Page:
Active Hope

I’m with my family in Sweden, visiting our Swedish relatives. My mother-in- law, Ruth, shared with me a theme from a radio broadcast she recently listened to about dealing with death and difficult diagnoses. The theme was “active hope.”

I have written a series of essays for the Joe Martin ALS Foundation entitled “I have ALS. Now What?” It is meant for people newly diagnosed with ALS. When the essays are posted on the Joe Martin ALS Foundation website I’ll share the link here. For now, in keeping with the theme of “active hope,” I share one section here, on prospects for new treatments that may soon enable us to survive the disease….

Surviving ALS? The prospects for new treatments

You have been diagnosed with ALS at a singular moment in the history of the disease. In the past, a diagnosis of ALS was followed by advice to “get your things in order” because the disease is 100% fatal. Today, we are part of a unique generation of PALS who have a chance – maybe a pretty good chance, maybe only a “puncher’s chance” —  of surviving the disease. Thanks in part to the big funding push for ALS research that the 2014 Ice Bucket Challenge made possible, a number of potential therapies have now made their way through the (unavoidably slow) research pipeline to clinical trials. Medical scientists working on ALS are now voicing optimism that a therapy will be developed in the next five years that will either dramatically slow, halt, or even reverse the disease.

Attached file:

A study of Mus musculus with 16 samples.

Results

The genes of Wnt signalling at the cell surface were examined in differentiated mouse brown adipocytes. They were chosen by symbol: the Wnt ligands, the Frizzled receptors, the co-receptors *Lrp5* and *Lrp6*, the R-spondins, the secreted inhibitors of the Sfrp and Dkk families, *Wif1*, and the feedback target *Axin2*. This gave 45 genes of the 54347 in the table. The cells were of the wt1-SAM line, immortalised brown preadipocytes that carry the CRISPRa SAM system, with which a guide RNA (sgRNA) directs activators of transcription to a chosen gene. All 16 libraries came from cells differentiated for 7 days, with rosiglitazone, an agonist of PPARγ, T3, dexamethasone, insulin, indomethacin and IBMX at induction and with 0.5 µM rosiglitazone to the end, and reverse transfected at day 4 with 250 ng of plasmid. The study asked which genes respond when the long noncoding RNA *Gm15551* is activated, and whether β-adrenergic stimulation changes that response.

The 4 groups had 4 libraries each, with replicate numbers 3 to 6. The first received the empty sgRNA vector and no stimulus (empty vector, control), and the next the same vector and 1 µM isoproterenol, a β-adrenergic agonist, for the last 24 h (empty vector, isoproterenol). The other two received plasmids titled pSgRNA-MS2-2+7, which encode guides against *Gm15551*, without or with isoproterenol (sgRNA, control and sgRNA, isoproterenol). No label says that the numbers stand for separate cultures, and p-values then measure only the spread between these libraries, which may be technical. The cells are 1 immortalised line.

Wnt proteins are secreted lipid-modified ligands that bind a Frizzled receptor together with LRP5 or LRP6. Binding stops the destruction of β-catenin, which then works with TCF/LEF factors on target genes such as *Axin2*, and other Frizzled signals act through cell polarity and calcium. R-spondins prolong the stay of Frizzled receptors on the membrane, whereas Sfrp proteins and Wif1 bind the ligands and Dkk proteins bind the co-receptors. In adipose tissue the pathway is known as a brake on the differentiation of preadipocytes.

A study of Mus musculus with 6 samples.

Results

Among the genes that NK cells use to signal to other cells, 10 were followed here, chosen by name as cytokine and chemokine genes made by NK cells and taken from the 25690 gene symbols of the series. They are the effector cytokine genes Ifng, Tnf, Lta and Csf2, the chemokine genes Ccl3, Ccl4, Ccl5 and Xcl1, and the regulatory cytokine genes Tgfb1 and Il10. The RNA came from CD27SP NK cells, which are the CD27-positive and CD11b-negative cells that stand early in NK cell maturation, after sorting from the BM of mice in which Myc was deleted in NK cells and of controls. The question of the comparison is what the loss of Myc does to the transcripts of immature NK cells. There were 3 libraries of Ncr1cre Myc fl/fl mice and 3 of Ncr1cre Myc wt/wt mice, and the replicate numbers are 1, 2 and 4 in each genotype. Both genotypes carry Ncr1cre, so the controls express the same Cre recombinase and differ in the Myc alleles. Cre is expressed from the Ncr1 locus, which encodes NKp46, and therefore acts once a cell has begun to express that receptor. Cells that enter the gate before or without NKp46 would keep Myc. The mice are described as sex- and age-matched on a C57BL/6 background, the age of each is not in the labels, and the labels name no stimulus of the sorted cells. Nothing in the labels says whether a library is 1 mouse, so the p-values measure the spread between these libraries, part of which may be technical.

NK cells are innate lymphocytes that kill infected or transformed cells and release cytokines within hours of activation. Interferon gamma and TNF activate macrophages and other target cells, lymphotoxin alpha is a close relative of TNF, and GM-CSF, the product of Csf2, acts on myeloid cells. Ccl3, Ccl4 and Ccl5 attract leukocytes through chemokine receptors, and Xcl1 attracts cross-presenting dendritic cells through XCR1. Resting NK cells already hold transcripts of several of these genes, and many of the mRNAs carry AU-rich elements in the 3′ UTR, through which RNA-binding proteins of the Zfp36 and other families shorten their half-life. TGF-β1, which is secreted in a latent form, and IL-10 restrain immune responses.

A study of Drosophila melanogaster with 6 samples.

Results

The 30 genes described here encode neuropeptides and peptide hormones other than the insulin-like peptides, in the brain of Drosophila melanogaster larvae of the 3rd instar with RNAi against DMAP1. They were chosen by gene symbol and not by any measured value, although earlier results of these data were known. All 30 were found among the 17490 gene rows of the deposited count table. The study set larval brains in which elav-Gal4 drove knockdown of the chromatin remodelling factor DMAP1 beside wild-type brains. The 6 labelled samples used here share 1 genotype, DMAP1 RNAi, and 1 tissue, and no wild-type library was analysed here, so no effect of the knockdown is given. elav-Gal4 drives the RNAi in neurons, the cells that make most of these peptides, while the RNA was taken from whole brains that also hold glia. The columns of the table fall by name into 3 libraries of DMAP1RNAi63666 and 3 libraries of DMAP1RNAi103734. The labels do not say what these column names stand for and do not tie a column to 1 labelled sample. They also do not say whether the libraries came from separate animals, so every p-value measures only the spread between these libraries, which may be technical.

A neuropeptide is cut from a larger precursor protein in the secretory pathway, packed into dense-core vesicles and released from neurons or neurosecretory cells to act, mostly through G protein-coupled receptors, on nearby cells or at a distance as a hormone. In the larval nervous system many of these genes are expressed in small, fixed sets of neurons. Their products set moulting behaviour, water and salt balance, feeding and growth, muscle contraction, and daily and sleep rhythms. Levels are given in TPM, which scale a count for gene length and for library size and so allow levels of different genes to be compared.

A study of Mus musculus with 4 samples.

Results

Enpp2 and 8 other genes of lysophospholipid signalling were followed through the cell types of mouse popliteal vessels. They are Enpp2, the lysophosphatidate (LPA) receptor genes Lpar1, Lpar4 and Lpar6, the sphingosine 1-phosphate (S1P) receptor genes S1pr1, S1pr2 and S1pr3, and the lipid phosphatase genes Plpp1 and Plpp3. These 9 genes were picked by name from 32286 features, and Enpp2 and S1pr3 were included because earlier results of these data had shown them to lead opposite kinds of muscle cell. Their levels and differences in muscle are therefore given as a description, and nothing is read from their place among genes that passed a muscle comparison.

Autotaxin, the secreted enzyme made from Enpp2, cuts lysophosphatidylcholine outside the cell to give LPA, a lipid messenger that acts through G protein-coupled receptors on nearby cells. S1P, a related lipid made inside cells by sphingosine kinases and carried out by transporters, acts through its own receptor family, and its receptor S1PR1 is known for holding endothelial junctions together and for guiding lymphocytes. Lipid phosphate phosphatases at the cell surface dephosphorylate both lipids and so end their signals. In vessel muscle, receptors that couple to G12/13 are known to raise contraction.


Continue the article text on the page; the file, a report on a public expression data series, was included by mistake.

To use an over-worn cliché in the ALS community, “we’re in a race against time.”

If in fact we are getting closer to discovery of a therapy that will render ALS a chronic and not fatal disease – and it is impossible to know when this will occur – those of us with ALS today are either going to be the last cohort of PALS to die of the disease, or the first to survive it. I know which one I prefer.

The closest approximation to our situation is the discovery of a cocktail of drugs in 1995 that effectively treated HIV/AIDs. HIV/AIDs patients faced 100% mortality rates up to 1995; thereafter mortality rates plummeted, and today people with HIV/AIDs are able to live with the disease as a chronic condition.

Two factors, both outside our control, will determine if we will be able to benefit from effective therapies in time. First is the length of time it will take for these therapies to be discovered and approved, and the second is the speed of progression of the disease each of us is dealing with. One of the reasons many of us have joined ALS support and advocacy groups is to lobby hard for a big push by the National Institutes of Health (NIH) to increase funding for ALS research at this critical moment. Tens of thousands of lives potentially hang in the balance.

This is not meant to build up false hopes on our part, but it is to say we have a reasonable hope.  I have found it psychologically very helpful to keep telling myself that I will be part of the first generation of PALS who survive this disease.

Author: Ken Menkhaus

Professor of Political Science at Davidson College. Specialist on Somalia and the Horn of Africa. Interests include development, statebuilding, informal governance systems, peace and conflict studies, and political Islam. I also teach on philanthropy and the non-profit sector.